Two Karen, One Gold Mountain
The first Karen is Karen Tam. I just finished speed-reading through the book to her 2004 exhibit at the M-A-I called Gold Mountain Restaurant Montagne d'Or, which I picked up at the Grande Bibliothèque (late by two days now, and back by the end of today) six weeks ago, as I was doing some background research for the round table.
It took me a while to realize what it was about, because I was originally looking for a documentary film, not an art exhibit that is a critique of orientalism through the recreation of a Chinese restaurant with a number of interesting modifications, justaposition of objects not usually found in the real world.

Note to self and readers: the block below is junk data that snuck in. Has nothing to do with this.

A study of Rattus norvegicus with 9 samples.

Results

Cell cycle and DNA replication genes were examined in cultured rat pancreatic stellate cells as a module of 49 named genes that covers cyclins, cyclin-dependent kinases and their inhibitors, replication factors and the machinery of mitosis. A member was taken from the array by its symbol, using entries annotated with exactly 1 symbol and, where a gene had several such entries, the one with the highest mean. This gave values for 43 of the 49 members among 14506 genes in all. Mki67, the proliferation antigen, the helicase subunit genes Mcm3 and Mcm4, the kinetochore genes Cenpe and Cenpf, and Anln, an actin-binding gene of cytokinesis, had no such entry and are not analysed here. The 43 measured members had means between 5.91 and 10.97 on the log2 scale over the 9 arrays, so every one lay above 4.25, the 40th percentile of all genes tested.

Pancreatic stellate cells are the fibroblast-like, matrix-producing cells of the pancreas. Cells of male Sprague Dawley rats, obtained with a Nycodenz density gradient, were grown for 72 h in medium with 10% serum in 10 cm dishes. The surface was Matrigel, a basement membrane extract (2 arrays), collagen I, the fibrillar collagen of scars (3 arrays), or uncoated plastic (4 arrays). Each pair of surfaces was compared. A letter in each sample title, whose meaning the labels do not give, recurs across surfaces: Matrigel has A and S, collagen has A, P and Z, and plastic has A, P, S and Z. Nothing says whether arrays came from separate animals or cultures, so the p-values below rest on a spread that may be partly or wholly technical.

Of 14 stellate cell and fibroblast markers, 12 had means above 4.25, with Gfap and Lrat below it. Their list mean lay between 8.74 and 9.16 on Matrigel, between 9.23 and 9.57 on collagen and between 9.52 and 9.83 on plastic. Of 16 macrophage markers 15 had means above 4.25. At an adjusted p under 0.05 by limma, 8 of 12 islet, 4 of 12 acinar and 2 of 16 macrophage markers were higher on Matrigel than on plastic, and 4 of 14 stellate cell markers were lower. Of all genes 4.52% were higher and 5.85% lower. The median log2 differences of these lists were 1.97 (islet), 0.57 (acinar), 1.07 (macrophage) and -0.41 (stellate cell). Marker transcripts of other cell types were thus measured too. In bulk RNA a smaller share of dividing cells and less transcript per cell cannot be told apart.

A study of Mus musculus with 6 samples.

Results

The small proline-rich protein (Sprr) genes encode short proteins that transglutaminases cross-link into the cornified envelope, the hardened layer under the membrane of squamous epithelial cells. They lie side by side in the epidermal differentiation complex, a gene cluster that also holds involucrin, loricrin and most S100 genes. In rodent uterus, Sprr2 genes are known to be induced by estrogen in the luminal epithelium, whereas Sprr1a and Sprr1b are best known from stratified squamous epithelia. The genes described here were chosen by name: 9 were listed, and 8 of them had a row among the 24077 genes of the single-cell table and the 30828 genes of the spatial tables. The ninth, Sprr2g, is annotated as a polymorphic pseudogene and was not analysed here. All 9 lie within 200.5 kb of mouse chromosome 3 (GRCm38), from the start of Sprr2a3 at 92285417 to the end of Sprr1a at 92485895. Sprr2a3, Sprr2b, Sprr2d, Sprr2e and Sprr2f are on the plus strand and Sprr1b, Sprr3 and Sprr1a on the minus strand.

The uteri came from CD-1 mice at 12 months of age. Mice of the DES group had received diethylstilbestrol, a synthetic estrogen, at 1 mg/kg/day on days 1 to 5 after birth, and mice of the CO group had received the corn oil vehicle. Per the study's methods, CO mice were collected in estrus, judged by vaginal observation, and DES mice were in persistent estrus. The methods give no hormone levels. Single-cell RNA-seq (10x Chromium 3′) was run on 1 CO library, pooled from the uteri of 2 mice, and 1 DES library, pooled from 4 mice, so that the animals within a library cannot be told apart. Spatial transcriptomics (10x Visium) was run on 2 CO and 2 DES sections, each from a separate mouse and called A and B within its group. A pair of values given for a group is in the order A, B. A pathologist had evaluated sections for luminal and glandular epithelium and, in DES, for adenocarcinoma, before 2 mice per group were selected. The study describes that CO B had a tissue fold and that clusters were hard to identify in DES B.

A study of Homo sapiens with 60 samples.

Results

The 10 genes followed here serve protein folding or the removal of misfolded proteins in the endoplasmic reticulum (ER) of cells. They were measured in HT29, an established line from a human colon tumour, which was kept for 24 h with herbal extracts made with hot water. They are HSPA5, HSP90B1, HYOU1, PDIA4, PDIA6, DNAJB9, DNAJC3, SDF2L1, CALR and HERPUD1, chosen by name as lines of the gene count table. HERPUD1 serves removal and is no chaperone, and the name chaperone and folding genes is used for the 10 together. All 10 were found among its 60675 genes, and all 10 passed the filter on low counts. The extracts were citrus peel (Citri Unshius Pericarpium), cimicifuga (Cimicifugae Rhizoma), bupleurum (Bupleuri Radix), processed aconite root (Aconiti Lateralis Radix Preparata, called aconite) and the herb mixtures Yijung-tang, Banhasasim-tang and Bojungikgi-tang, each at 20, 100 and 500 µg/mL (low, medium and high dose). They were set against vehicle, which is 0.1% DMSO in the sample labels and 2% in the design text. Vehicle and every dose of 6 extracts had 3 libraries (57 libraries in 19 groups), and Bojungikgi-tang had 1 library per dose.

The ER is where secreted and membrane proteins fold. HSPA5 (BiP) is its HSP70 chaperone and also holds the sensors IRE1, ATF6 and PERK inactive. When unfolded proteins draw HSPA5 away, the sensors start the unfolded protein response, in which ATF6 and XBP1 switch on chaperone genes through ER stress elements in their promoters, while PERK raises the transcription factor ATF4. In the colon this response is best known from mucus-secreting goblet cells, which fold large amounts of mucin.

The installation was of great interest for me, especially after the experience of Chinese Restaurants, even if in fact, what I had in mind entering the Bibliothèque was (vaguely) the work by a second Karen, Karen Cho. That was a movie called In the Shadow of Gold Mountain, a documentary, also made in 2004, telling the story of survivors of the exclusion act era. The Chinese Family Service showed her movie at some point during the past year, but I wasn't following the e-mail lists carefully, and missed it. However, I clearly remember this Karen speaking at the public hearings in Montreal for the then-upcoming formal apology by the Canadian govt, emotionally describing the hardships of Canadian Chinese of this era, including that of her own family. But then, I have no idea why "Gold Mountain Restaurant" was not totally unfamiliar. To make matters even more confusing, both are Montrealers by birth, graduated from Concordia (albeit in different concentrations, of course).
So, Gold Mountain Restaurant: an art installation by Karen Tam, and In the Shadow of Gold Mountain, a documentary film by Karen Cho. Got it.